Mobile devices have long since moved from nice-to-have to a requirement for existence. The glue that holds this mobile experience together is the wireless network.
Driven by consumer demand, the ability to connect and wirelessly access your data has become a common requirement in shopping, dining, lodging, and pretty much everything else. The expectation for wireless access is as common as the expectation for access to a restroom or water. The inherent problem is the ease of connection, defined as the easy access to wireless networks, often at the expense of security.
The new normal is teleworking, wireless networking from home, a hotel, or other remote locations. To address this security dilemma in June, the National Security Agency (NSA) released a document, "Securing Wireless Devices in Public Settings," that addressed the risks in wireless networking via three means of connections: Wi-Fi, Bluetooth, and near-field communications (NFC). The general recommendations for all three types of wireless connection are standard cybersecurity actions focused on basic cyber hygiene. These recommendations are to ensure all software is up to date with the latest versions of software, including antivirus software. Use multifactor authentication, WPA2-level encryption, and restart your system frequently. Other recommendations are to ensure your firewalls restrict traffic by whitelisting and other more technical suggestions.
One specific recommendation is to avoid free or public Wi-Fi hotspots. The reason being these connections are easily exploited. Many public connections do not require a means of authentication, and the data is not encrypted. Many user vulnerabilities are self-induced, including out-of-date operating systems and antivirus software and lack of multifactor authentication. These and other issues combine to make an easy target to exploit.
Case in point: It is easy to deploy an illegitimate access point (an evil twin) that masquerades as a trusted access point; it can be battery-operated or disguised as another object. The user's device will seek the access point with the strongest signal; these are often illegitimate by design. If the assumption is that this is a legitimate public hotspot, there is also an assumption of trust. But the reality is that every keystroke, connection password, and file transferred can be copied.
This is a common technique for hacking systems in hospitals, office buildings, and universities. The challenge for the hacker is the setup; once the user logs in through the criminal's access point, the information from every transaction is copied and stored.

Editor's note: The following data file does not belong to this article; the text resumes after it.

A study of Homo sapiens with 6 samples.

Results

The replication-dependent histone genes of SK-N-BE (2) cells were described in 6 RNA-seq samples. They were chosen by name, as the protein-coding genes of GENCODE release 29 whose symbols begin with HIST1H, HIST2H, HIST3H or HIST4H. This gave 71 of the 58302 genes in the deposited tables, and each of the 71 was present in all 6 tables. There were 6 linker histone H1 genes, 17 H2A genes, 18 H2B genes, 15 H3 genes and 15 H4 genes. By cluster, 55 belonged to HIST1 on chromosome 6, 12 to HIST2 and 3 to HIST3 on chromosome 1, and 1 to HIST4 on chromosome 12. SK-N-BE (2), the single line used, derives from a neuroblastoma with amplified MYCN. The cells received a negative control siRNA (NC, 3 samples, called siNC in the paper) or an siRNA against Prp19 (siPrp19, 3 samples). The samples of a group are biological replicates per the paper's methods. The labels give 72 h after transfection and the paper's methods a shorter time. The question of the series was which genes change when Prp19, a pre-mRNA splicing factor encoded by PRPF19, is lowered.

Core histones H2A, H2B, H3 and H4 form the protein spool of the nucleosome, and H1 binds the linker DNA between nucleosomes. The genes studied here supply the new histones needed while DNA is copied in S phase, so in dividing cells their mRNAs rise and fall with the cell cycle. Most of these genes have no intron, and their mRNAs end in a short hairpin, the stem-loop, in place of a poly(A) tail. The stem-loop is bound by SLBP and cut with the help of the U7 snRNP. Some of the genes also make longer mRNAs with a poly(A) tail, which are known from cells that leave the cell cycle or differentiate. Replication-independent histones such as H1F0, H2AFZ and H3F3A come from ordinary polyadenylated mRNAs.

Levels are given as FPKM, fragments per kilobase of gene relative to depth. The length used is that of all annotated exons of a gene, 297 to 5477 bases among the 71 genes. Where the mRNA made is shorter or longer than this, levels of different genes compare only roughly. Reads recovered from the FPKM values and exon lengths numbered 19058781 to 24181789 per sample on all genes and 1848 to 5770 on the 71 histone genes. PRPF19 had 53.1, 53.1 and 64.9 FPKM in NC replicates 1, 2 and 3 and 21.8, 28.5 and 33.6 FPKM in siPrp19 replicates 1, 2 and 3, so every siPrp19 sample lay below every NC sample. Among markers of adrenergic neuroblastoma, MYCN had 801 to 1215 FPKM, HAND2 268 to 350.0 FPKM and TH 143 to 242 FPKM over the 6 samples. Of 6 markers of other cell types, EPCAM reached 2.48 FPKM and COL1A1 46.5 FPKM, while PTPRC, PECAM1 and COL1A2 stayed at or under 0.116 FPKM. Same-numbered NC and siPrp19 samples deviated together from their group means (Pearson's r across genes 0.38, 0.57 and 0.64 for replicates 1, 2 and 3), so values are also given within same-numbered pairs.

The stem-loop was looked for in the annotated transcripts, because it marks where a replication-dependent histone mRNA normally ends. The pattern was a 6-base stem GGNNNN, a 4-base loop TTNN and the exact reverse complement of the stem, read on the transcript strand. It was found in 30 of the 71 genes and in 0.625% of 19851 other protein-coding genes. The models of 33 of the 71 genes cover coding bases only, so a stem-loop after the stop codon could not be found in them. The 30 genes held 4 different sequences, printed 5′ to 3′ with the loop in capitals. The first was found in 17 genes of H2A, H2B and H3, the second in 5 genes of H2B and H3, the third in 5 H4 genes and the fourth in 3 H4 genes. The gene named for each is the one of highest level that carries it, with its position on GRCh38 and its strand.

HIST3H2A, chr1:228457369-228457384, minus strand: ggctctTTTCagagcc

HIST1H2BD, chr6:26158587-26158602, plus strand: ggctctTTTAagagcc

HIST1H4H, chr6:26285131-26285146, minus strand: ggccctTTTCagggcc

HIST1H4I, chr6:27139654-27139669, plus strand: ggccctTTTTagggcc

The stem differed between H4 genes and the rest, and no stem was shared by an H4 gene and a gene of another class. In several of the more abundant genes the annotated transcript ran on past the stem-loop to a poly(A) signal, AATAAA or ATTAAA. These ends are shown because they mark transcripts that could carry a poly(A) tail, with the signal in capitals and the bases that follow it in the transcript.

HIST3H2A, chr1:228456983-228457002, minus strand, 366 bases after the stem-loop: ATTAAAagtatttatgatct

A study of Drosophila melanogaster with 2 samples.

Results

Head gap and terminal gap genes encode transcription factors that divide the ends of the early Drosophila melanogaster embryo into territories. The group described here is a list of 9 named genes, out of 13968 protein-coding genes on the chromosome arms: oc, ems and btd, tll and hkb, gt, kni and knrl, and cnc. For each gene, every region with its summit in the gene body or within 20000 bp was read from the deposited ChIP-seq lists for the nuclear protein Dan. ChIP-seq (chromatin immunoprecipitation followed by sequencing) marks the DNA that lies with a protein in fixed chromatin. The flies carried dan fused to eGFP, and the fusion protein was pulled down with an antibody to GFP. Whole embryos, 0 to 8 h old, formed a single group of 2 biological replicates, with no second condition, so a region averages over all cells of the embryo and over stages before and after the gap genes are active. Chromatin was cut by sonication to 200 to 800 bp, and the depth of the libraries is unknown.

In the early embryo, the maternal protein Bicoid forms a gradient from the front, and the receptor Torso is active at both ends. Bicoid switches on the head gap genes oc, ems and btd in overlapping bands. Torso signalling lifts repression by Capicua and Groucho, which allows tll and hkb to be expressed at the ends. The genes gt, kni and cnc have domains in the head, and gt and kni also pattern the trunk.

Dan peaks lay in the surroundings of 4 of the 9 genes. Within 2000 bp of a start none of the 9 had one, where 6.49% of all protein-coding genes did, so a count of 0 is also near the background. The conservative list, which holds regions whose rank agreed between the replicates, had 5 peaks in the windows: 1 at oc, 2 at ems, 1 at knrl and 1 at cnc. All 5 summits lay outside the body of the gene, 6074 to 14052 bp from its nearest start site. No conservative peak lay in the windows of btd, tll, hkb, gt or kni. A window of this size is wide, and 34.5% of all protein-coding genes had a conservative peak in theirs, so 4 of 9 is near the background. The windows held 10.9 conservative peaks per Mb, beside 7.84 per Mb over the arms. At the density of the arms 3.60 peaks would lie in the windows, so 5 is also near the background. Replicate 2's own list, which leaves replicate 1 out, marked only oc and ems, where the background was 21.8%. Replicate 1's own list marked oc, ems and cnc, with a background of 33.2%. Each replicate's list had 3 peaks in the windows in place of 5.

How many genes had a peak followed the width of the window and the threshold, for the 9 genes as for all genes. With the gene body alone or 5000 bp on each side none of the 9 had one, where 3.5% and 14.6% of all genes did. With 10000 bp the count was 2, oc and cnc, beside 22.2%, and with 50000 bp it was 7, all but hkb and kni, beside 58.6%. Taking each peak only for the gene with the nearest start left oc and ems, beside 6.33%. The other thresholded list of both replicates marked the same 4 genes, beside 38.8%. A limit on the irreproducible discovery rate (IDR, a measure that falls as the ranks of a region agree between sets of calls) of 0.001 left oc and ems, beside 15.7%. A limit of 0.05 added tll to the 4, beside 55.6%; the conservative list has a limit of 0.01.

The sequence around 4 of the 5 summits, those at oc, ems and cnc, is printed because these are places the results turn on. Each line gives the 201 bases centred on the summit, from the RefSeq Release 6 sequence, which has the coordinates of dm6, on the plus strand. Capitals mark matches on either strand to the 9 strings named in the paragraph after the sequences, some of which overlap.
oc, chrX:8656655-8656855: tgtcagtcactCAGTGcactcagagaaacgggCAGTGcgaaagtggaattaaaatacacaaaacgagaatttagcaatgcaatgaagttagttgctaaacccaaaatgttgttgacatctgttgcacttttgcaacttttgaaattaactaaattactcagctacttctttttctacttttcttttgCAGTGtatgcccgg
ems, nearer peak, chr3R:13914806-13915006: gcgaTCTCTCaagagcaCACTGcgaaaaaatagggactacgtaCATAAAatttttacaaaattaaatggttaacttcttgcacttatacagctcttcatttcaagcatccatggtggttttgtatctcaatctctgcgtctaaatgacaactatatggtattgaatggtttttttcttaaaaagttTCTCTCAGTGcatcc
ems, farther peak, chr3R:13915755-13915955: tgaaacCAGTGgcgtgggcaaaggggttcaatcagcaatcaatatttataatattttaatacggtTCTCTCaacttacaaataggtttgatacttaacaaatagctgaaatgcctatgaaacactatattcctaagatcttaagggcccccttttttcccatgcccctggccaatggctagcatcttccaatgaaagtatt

The remedy is to use your own hotspot; this can be through a cellular phone or a portable hotspot device. The hotspot acts as a personnel mobile access point. Where you establish secure access through a password and where the transactions are encrypted ideally at WPA2 or better. Hotels or other businesses will often offer access through their wireless network; these are better options than open or public Wi-Fi. These options allow you to set your own password or use a random password other than the room number. However, it is hard to determine absolute security.
The info sheet recognizes that there may be times when a personal hotspot is unavailable, and there is no other option than to use a public hotspot. In this case, the best option is to use a secure virtual private network (VPN). Of course, this is not something that a remote user can set up; it is an option that must be built and provisioned in advance.
The NSA also recommends that your user profile is not the system administrator; that you only access secure websites (where the URL starts with https); and that you restrict your activity on these open networks -- do not transmit or access sensitive information, and avoid shopping or financial transactions.
When on these networks, act as if someone you do not trust is looking over your shoulder and recording your activity. When you're done, close out your activity, forget the access point, clean out the web browser cache, and restart the computer when complete. These last precautions are to remove any threats that may be in memory.
For Bluetooth and NFC, the specific recommendations are to ensure that only approved devices are connected, disable the connection, turn off discovery mode when not in use, and -- if possible -- whitelist connections. For NFC, the issue is distance, as it only works at short distances (about 8 inches). As it is used for credit card transactions, turn it off when not in use.
The general security requirement for all three connections classes is the same. Essentially this boils down to four key points: Make sure all your software is up to date, use antivirus software and multi-factor authentication, and encrypt your data. To secure your systems, start with the easy stuff first.
With 30 years of experience in information technology, Mike Olivier brings his expertise to small-business System Security Planning with San Diego-based 171Comply. As a small business owner working in the federal space both as a prime contractor and as a subcontractor, he understands the realities of running a small business. Contact Mike at email@example.com.